Ask the Author: 'What’s Missing Is You'
March 1, 2021
by lindsay blackburn | featured photo by Kristin Jean Photographer
When Chelsie Kerns’s father died unexpectedly in a plane crash, there weren’t any books or resources available to help her process what happened and the deep sadness she felt.
She was only 10 years old on that tragic day. Growing up in Lewistown, Montana, Chelsie had a wonderful, happy childhood. Her parents owned and operated a local dental practice, and she was active in her school, church, and community. Her dad loved adventure, especially flying and hunting from his 2-seat Super Cub airplane. On December 26, 1986, her dad and his friend went coyote hunting and never returned. The crash site was discovered one week later.
Although family members and friends were physically present, Chelsie often felt alone. “I needed to know that someone was okay with my grief. I needed someone to sit down regularly with me and help me process it. I felt like a boat aimlessly floating in the ocean. Life goes on, but my grief made me feel like I had no sail, no rudder,” she remembers.
Thanks to Chelsie, children now have a guided workbook to help them after a parent's death. She is the newly published author of What’s Missing is You: A Creatively Happy Place to Journal and Document One of the Worst Times of Your Life.
photo by Holly Netz
Chelsie started writing the book seven years ago with a specific reader in mind – a child in the same situation as her 10-year-old self. After all, she can relate.
“Looking back now,” she says, “When I started the book, I had only processed half of where I'm at today. Writing became a healing process, and I continued to work out questions I had with God along the way. I grew up in a family that prayed and, frankly, I had a lot of questions that I needed God to address for me.”
In What’s Missing Is You, many chapters start with a personal story followed by prompts and journaling space, allowing the reader to become the author of their own experience. The book includes graphs and checklists, artwork, comforting Bible verses, and spots to attach memorable family photos.
For example, in Chapter 12, “It’s All About the Details,” a child will circle descriptions of their parent’s interests in “This or That,” an easy exercise to softly guide them into more in-depth discussions. Chelsie asks about their parent’s Top 10 favorite things to do and about their physical features in specific detail. She then leads them to list five things they admired about their mom or dad, among other things. Chelsie tenderly asks about the last outfit they remember their parent wearing at one point in the chapter. They’re good questions for a child to answer when they’re ready because the immediate aftermath is so traumatic and exhausting.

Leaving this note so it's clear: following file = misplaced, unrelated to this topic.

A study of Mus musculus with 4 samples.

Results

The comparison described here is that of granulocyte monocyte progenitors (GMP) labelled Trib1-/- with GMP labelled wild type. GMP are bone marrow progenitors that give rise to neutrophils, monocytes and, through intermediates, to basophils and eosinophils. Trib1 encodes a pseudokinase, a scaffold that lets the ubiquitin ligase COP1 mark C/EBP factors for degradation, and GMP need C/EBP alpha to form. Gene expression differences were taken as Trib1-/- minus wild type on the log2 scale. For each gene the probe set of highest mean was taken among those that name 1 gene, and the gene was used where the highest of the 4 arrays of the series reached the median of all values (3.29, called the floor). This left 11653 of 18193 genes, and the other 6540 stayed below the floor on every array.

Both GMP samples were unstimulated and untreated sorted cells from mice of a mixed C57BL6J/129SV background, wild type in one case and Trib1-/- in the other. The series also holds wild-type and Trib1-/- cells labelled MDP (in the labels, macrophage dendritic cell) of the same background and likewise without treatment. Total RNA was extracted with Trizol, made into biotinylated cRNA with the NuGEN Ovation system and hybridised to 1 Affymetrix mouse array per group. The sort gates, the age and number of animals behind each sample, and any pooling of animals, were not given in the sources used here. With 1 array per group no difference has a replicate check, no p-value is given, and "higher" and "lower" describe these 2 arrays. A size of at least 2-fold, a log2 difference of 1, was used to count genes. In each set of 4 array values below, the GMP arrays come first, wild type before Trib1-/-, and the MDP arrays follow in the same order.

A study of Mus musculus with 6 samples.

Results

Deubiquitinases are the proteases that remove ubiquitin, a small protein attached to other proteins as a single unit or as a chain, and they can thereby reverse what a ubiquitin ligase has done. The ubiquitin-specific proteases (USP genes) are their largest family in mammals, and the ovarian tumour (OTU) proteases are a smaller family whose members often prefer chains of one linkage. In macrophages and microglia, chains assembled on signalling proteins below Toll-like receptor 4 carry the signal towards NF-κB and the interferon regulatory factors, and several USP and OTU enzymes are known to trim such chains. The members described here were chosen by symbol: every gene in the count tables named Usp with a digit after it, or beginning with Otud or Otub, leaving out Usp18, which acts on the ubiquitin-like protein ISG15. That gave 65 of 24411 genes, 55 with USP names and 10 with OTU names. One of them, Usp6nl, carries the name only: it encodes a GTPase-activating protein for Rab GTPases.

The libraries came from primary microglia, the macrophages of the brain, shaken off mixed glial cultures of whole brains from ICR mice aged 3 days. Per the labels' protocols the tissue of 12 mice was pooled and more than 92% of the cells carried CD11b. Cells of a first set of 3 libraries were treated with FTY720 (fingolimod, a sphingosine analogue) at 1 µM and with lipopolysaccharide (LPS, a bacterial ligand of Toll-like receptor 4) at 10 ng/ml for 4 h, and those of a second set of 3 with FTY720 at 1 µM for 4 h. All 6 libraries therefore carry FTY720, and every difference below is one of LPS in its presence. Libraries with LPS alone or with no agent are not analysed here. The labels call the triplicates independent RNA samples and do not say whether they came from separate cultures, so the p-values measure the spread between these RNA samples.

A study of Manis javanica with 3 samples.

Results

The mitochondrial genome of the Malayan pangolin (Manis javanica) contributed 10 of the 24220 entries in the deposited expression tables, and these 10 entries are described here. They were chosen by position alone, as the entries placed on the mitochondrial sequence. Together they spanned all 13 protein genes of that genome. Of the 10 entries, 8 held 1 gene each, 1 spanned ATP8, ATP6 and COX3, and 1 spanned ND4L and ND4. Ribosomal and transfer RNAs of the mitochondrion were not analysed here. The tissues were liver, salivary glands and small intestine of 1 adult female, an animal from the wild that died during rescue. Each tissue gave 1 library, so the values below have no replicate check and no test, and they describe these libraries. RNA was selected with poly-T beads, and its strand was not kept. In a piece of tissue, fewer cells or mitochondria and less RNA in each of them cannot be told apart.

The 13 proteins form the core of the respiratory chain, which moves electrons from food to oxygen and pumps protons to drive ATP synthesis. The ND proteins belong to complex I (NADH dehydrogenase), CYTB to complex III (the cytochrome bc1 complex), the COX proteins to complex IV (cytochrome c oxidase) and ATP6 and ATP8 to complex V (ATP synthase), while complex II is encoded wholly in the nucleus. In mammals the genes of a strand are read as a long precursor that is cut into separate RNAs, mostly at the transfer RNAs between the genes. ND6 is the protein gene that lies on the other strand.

Chelsie remembers all of the visitors who stopped by. There were people everywhere, but it was overwhelming. “I knew they cared,” she acknowledged, “but they can’t walk through your grief, which is a constant, unwanted companion. Throughout my childhood and teen years, I remember my grief wearing me out. Of course, there were inevitable changes that happened in a family as "moving on" occurs; however, for me, I had such a hard time accepting the changes and emotionally moving forward. I couldn't grasp the way to do it."
When I asked her what children need when they’ve suffered a significant loss, she had some great advice: “It is easier to answer this question with what they don’t need. They don’t need someone making light of their grief or expecting them to be over it. No one but the individual should get to decide a timeline for their grief.”
What they do need, she says, are adults to understand their fear. “Kids are afraid they’ll forget the parent that died and [are] afraid to disappoint the living parent. They need to know that it’s okay to talk about it. They need family and friends to share memories. Memories are such gifts! The greatest gifts after my dad’s death were the stories people told about him. They didn’t have to be amazing or anything spectacular, just something real about him. It was cherished information.”
Now that Chelsie's book has launched, she hopes it will help children who feel adrift and serve as a starting point for their healing. She wants kids to know they are not alone and the work they put into processing the guided questions will be worth it.
She’s received great feedback since the book released in January. “I’m getting a lot of “thank you for writing this!” Everyone has been kind and supportive in her years-long writing project and throughout the publishing process.
Outside of writing, Chelsie works at Billings Clinic as a respiratory therapist and enjoys spending time with her husband and three children. She likes to run, knit, and ski and she’s also a voracious reader. What’s Missing Is You can be purchased at Simply Local Marketplace. To learn more about Chelsie and her book, visit her website at www.whatsmissingisyou.com.